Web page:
Seeds are magical and powerful time capsules. They hold the power to grow into awe-inspiring life forms. They remind me of women and motherhood. They swell, open up and give birth to life.
This environmental art project started in the summer of 2013.
The "Seed Catchers" are recycled/recomposed installations, travelling from place to place, in natural or urban ecosystems, symbolically gathering seeds swept by the winds of the earth.
PROCESS: With the advent of genetically modified seeds, seed patents and terminator seeds which create sterile plants, the act of saving seeds is threatened as well as the foundamental nature of plants. On the other hand, invasive and non indigenous plants, such as the heracleum mantegazzianum (commonly known as giant hogweed), threatens the equilibrium of ecosystems and biodiversity. It's sap is toxic. Upon contact, it can provoke second degree burns. It is not native to the Americas.
The "Seed Catchers" stand in a way as to bring about a dialogue on environmental issues: the weakening of ecosystems, loss of plants with their unique, therapeutic and medicinal properties, the disappearance of varieties of plants that are indispensable, in symbiosis or closely associated to other life forms.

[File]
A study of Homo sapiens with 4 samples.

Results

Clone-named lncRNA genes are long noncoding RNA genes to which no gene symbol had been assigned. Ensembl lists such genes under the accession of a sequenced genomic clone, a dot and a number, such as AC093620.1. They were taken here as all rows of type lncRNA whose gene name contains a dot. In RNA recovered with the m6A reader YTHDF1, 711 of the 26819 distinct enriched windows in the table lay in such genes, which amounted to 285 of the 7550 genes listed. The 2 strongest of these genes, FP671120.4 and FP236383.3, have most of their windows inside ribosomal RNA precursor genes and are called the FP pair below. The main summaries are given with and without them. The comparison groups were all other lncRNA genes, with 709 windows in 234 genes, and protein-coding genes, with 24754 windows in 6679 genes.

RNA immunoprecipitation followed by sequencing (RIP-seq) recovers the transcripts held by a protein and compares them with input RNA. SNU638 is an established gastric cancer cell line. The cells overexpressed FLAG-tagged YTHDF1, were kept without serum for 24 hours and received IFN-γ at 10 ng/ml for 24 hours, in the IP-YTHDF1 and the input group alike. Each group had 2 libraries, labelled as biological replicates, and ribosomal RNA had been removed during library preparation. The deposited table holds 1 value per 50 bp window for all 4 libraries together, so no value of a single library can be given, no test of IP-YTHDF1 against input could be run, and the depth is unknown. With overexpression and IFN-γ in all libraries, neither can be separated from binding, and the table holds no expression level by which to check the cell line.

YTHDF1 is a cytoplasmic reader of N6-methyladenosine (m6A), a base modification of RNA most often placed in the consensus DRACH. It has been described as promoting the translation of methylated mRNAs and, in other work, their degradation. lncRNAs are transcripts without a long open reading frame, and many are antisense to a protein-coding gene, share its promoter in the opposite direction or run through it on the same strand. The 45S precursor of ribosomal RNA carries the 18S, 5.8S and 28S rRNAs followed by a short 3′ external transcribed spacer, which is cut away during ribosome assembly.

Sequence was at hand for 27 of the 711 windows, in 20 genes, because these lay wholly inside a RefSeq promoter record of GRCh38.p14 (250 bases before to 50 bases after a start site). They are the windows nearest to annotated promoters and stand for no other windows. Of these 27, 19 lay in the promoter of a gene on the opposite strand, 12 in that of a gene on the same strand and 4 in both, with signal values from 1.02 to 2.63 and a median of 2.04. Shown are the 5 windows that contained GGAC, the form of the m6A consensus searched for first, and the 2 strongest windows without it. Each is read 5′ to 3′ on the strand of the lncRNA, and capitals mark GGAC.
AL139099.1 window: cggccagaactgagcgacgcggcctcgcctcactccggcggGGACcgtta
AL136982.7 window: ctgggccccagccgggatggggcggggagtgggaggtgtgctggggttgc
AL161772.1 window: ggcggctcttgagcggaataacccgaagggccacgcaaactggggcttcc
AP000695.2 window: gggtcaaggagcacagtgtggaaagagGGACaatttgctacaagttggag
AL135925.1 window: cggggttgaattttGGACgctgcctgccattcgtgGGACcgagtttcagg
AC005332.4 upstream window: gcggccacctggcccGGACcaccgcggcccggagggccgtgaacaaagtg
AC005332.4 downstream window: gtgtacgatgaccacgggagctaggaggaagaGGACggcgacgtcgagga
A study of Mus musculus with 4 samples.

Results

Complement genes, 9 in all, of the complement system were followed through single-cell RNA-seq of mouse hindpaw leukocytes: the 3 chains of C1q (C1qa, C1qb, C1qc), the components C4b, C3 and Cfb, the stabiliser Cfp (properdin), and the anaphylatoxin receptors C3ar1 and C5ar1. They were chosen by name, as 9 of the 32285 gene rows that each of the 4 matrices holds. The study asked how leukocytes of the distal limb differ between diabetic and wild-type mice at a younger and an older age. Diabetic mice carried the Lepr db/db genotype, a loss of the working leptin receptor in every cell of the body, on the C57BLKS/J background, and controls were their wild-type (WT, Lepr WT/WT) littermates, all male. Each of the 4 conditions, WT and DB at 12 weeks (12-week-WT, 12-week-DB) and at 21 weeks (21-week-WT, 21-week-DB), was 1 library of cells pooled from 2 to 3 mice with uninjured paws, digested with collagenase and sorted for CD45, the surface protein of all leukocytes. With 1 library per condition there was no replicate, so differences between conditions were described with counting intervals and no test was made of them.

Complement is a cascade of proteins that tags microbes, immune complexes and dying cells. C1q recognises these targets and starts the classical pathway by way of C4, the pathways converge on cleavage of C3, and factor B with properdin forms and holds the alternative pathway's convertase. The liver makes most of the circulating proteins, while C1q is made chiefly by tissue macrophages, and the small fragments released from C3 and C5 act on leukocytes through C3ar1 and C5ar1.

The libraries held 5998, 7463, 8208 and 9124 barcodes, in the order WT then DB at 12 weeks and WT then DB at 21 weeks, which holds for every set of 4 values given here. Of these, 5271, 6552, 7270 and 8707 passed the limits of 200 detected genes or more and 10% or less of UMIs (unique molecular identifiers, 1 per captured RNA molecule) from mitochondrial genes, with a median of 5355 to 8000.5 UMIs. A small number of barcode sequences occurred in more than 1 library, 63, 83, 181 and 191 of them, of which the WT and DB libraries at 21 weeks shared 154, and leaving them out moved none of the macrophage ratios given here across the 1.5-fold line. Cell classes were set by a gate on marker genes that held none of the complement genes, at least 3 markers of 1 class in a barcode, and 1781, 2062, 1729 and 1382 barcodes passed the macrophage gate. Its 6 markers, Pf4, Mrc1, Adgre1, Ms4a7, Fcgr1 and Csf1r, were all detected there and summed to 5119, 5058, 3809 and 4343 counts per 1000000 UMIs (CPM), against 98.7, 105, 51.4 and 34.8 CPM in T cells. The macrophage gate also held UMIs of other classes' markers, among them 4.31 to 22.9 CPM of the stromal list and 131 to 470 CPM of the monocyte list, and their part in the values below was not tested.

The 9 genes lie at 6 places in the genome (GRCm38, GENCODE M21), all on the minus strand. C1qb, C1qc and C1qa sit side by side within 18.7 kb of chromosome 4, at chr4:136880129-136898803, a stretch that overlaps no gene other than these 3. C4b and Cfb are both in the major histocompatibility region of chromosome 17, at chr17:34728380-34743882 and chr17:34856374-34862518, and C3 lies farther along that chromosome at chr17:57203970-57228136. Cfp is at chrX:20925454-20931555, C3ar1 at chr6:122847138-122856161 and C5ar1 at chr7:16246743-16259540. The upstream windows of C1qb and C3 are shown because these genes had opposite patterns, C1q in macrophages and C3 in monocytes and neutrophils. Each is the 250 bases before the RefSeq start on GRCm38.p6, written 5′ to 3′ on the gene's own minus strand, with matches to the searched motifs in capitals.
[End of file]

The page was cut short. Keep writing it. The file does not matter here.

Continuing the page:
The catchers are created mostly with reclaimed materials. My hope is to plant a seed in the minds of people, a seed that will lead to question oneself on the future of plant life.
INSPIRATION: My love for seeds started at a very young age. I vividly remember the day my mother put a dried flower head in the palm of my hand. As I cracked the desiccated shell, minuscule pearls of life escaped from the quasi mummified flower head. I was amazed! After that moment, I observed with great curiosity my mother, aunts and grandmother sharing seeds. They each had their own method to transport the seeds, sometimes they would use cotton handkerchiefs, at other times paper envelopes or small bottles; and sometimes, they even deposited the entire dried flower heads in the pockets of their sweaters.
Seeds are deeply sown in my heart and in my everyday life. To this day, I tend to a wide variety of flowers and herbs, fruit trees and grow a big vegetable garden that has many heirloom plants.